If You’re Only Using One Kind of Email and Campaign, You’re Doing It Wrong
Email marketing reigns as one of the supreme tools in marketing, even to this day, which we’ve mentioned before.
Many believe email marketing is a relic of the past, replaced by affiliate marketing, paid search, social media, and the list goes on. But, according to the team at VentureBeat, email marketing continues to generate the highest return on investment1 and Marketo reports 70 percent of people between the ages of 18 to 34 prefer when companies communicate via email, and that’s even more true for ages 35 and up2. This isn’t to say there is no place for the aforementioned channels — that’s not even remotely the case. The point is that email marketing is not a tactic that should be cast aside.
However, while email marketing might be an industry-preferred tool, it isn’t necessarily a silver bullet. This is especially true for those who are barely scratching the surface of what email marketing can accomplish. So, let’s take a look at a few basic email marketing tactics that can help your business.
Segment, Target, and Personalize
Email marketing is no longer about sending out mass emails. The ability to target specific groups, leads, and behaviors is not only helpful, it’s a must. Businesses that send out generic, mass-appeal emails are the first to be deleted, unsubscribed from, or ignored. So, avoid having your email “thrown” in the trash. Customize each email iteration to a specific audience. Maybe you’re able to be more fun and personable with one audience, while being more formal and “corporate-y” with another target segment.
With any email marketing campaign, the first thing you need to do after determining the goal of the campaign is segment your list. This needs to be done based on the most relevant target audience characteristics — demographics, job title, industry, past activity, or whatever best informs your tactics and complements your strategy.
Lead nurturing is the process of engaging your target audience by leveraging relevant information and content at each stage of the buyer’s journey. Email provides an ideal vehicle for that process.
Since email marketing is the preferred method of communication for most people, the audience is not only accessible, but they’re also primed. Crafting concise, engaging emails that promote rich information and content that provides value for your audience is critical to any content strategy and lead nurturing program. When done right, emails keep your brand and products front of mind with your target audience, so when the time for a decision comes, they come your way.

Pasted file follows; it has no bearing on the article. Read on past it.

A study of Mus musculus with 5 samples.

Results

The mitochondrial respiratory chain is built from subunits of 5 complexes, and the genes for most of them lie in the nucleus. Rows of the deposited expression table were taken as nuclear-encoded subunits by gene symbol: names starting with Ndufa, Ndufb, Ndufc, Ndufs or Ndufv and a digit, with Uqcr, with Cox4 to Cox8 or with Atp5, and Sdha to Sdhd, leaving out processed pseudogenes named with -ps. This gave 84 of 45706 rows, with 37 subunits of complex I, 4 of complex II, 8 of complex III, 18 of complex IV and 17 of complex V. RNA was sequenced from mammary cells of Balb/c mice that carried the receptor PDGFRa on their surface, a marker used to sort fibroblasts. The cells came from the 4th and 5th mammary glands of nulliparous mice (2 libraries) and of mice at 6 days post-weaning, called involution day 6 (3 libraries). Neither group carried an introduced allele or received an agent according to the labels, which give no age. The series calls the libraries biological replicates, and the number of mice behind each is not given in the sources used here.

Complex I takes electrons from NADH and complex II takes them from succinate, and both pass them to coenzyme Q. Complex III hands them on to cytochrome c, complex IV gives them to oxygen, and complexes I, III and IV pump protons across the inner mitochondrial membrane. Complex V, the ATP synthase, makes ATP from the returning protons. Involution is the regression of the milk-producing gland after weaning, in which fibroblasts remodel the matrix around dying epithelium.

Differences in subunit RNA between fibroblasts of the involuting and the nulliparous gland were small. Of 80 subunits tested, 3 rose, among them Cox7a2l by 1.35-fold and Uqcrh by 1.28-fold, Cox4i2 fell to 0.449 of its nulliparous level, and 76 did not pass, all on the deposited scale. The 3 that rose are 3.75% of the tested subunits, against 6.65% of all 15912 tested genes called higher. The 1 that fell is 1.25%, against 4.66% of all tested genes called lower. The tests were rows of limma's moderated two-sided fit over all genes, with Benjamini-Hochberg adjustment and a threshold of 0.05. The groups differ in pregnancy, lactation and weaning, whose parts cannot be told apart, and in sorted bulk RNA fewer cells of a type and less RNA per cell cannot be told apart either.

“Delight” is a term that’s thrown around a lot in marketing today. Ultimately, it’s a process that focuses on existing customers and contacts by sending them marketing communication that is relevant to them. It recognizes the opportunity that they represent as re-buyers or new sales opportunities.
Email marketing can be used to send rich content, valuable information, and other communications that makes customers feel like they’re being taken care of and cared for by your brand. The whole process has the potential to turn a customer into an evangelist for your brand and products, and even provides the opportunity for upselling on other products. A satisfied customer can be so much more than a one-off transaction, and delight email campaigns recognize this.
Triggered, Autogenerated Emails
Automating emails is something that’s hugely popular, especially with the proliferation of marketing automation solutions — and there’s good reason for that.
The most common example of email automation is when ecommerce sites send triggered emails promoting specific discounts on items in an abandoned cart, which in turn incentivizes users to return to complete a purchase that they might not have finished otherwise.
This type of approach can turn a potential lost sale into an actual sale, but that’s just one example. Marketers in all industries can capitalize on specific user behaviors and actions to send out automated emails with a specific value to each user, and that value doesn’t need to always be related to making a direct sale. For example, imagine a user who downloads two white papers from a software company’s resource page. This triggers a timer that, one week later, sends them another piece of content related to the topics they were interested in. This keeps the potential buyer engaged with the brand and extends the relationship beyond the initial visit.
Don’t Forget About Analytics
Analytics are a marketer’s best friend. If you send out thousands of emails or different varieties but never assess them, then you’re still doing it wrong.
Data from your email campaigns can provide some of the richest insights into digital marketing performance. There’s a near endless supply of analytics for email marketing, from open- and click-rates, readership, right through to deep dives into where people looked with eye tracking (creepy, I know).
When you compile this data and properly assess it, it’s the best way to report on your performance and, most importantly, optimize the next phase of your email marketing to maximize your return on investment. For every $1 spent, email marketing yields $44 return on investment3. But, that’s only when done right.